Millions of Americans have been hurt by COVID-19, and with the economy still largely shut down, the onslaught is likely to continue. Thankfully, lawmakers passed the CARES (Coronavirus Aid, Relief, and Economic Security) Act in late March, and it's loaded with provisions designed to ease some of Americans' financial woes. In addition to boosting and extending unemployment, relaxing retirement plan withdrawal rules, and funding forgivable loans for small businesses struggling to keep up with payroll costs, the CARES Act also allows for a one-time, $1,200 stimulus payment that will likely serve as a lifeline for many of the people who receive them.

A good 88 million Americans have received those payments already, and more payments are expected to go out in the coming weeks via both direct deposit and paper checks in the mail (though the latter could take a while -- as much as five months to arrive). Furthermore, there are some Americans who aren't entitled to stimulus payments -- namely, those who earn too much money, and those aged 17 or older who are claimed as a dependent on a parent's tax return. But here's a surprising group of people who may be getting stimulus checks: the deceased.

Stack of folded-over 100 dollar bills


How dead people are receiving stimulus checks

Eligibility for a stimulus payment is based on the tax information the IRS has on file via either a 2018 or 2019 return (many Americans have yet to file a 2019 return because the deadline to do so was pushed back until July 15). As such, it's possible for a person to have filed a 2018 return, or an early 2019 return, but to have also passed away after the fact. If that person still has an active bank account, it's conceivable that a stimulus payment may have already landed in it, leaving a joint account holder or someone with access to that account to collect that money.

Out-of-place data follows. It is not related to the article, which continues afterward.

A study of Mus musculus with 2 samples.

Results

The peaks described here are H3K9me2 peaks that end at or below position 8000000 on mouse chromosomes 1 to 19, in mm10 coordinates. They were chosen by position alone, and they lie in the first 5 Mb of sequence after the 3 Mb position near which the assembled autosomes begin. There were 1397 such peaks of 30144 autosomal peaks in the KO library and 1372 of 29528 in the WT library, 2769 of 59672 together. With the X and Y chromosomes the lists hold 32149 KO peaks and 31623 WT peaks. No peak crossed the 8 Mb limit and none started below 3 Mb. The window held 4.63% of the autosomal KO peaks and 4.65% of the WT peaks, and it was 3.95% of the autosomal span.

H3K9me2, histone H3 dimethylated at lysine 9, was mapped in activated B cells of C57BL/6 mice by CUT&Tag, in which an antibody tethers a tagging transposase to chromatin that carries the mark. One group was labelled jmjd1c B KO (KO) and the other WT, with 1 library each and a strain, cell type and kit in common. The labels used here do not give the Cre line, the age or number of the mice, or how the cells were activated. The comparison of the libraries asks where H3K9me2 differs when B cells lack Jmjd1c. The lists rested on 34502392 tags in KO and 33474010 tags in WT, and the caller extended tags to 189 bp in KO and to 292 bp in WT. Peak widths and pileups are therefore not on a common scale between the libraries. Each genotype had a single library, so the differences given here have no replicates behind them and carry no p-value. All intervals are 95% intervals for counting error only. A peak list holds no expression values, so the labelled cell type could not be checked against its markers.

Can you keep a deceased person's stimulus check?

If you receive a stimulus payment that's issued to a deceased person whose financial assets you have access to, you're supposed to return that money, says Treasury Secretary Steve Mnuchin. But the extent to which the government is able to recoup erroneously issued payments is up for debate. Right now, chasing that money down is unlikely, and the government may only succeed in reclaiming payments when there's evidence of deliberate fraud.

Still, if you're in the possession of a deceased relative's stimulus payment, think twice before you spend it. A better idea is to stick it in a savings account, or contact the IRS and ask about returning it to avoid problems. Obviously, a lot of people are hurting financially right now, and that extra money may seem nice. But if it's not yours to keep, the last thing you should do is spend it and then risk a scenario where you're being asked -- or compelled -- to repay money you no longer have.